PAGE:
This is the fourth season of the popular German crime show ‘The Nordic Murders’ (the title is somewhat misleading – it’s set on the real Baltic island of Usedom, near the German/Polish border) starring Katrin Sass as former public prosecutor Karin Lossow and Rikke Lylloff as Commissioner Ellen Norgaard.
If you want to avoid all spoilers, stop reading this article now.
If you’re familiar with the previous seasons, you’ll know what to expect. Each 90 minutes episode is a stand-alone story set on the sleepy seaside location. Think of a chillier and rainier version of ‘Death In Paradise’ and you’ll not be too far off the mark.
In episode one, Ellen’s got herself in some serious trouble. She’s been having an affair with a TV celebrity, Jonas Gomez – when we first see them, they’re having sex in the underground car park opposite the police station, which I’m sure must violate all sorts of public decency legislation. She’s no sooner stepped outside the car when she’s called to the scene of a murder. And the victim is her lover’s wife.
Logic suggests that any sensible police officer in such a situation would come clean and own up to the fact that she and the victim are connected via her lover – but no. This is TV drama, so instead of doing the right thing, Ellen does the somewhat stupid thing and tries to cover her tracks – roping in her friend Karin to help her. Things are further complicated by the fact that Karin lives with Ellen’s police colleague, Rainer Witt, and his family – looking after their daughter.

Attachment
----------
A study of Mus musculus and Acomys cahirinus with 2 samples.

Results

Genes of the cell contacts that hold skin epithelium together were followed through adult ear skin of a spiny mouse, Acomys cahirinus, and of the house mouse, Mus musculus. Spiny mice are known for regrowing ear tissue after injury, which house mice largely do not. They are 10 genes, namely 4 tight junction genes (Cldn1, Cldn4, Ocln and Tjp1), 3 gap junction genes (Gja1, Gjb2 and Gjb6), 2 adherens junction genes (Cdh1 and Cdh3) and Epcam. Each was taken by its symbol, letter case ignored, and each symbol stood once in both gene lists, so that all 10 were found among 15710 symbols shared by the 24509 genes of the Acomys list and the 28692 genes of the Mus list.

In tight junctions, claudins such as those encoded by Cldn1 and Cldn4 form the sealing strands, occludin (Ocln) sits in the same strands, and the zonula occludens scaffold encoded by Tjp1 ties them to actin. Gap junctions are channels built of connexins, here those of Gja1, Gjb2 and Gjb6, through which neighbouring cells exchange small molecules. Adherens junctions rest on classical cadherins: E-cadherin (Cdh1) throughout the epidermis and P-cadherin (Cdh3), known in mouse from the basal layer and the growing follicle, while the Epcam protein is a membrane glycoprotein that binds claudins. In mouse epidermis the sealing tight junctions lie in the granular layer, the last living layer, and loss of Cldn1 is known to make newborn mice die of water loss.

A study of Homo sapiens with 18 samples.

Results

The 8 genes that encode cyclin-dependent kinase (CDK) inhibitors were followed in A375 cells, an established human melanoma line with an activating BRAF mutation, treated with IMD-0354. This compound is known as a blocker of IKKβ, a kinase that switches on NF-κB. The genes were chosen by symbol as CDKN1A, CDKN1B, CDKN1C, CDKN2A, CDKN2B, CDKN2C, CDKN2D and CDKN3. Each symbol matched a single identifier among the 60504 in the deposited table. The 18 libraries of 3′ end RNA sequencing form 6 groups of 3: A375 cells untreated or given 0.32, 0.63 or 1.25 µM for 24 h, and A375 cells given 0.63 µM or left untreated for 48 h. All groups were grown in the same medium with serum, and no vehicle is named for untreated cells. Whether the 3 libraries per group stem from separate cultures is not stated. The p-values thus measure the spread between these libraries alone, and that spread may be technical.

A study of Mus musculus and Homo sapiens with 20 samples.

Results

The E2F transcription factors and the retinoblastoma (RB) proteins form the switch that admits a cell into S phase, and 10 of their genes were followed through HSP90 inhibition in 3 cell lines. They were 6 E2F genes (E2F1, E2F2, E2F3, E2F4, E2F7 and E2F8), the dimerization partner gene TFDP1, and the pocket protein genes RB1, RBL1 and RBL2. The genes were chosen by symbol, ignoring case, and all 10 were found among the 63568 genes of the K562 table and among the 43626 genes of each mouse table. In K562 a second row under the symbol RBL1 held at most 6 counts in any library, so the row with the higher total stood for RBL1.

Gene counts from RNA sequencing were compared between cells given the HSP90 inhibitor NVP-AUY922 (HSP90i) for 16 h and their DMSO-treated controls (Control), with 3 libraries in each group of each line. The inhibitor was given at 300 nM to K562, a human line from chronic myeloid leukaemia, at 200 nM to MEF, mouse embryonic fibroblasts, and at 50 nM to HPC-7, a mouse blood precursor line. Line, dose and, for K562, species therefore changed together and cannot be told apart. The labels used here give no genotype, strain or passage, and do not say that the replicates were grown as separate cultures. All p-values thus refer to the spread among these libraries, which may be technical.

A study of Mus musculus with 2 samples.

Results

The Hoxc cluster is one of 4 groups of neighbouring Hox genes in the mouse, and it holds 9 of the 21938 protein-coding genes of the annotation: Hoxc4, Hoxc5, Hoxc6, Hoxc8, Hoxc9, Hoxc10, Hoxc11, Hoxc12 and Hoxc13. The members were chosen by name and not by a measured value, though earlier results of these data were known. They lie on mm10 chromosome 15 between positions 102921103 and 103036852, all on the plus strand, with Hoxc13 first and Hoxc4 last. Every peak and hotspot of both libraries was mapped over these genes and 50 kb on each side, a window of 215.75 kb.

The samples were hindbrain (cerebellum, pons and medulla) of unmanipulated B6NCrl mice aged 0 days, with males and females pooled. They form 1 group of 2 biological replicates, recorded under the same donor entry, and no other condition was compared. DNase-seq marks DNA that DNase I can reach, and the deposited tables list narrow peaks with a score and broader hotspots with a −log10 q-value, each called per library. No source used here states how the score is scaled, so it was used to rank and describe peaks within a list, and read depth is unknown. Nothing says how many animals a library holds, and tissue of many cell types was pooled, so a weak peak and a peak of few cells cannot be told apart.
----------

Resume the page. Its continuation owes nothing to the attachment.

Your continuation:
And if that wasn’t enough, Gomez is being blackmailed – someone knows about his affair with Ellen, and about the fact that he is the father of her son, Jesper.
Never has Sir Walter Scott’s poem been more accurate when he wrote “Oh, what a tangled web we weave when first we practice to deceive”.
It says very little for the Usedom police force that for the first hour none of Ellen’s colleagues manage to notice the knowing glances between her and Gomez or spot her furtive behaviour throughout the investigation. Indeed, the only person who comes out with much credit is Witt’s smart young daughter, who Karin uses as a prop whilst investigating on Ellen’s behalf.
Also involved in the plot are a smarmy art gallery owner, and a team of gardeners who were working on the Gomez property at the time of the murder.
This is all fairly formulaic stuff – a shifty cast of suspects, a few red herrings, and some bewildering decision-making by the lead protagonists. The acting and script lacks subtlety giving the show a soap-opera feel. This isn’t high-brow or challenging whatsoever – but it is fun.
If you’ve seen earlier seasons and enjoyed them, you’ll know what to expect. It’s entertaining bunkum.
Walter Presents: ‘The Nordic Murders’ Season 4 is available to stream as a boxset on C4 Streaming now.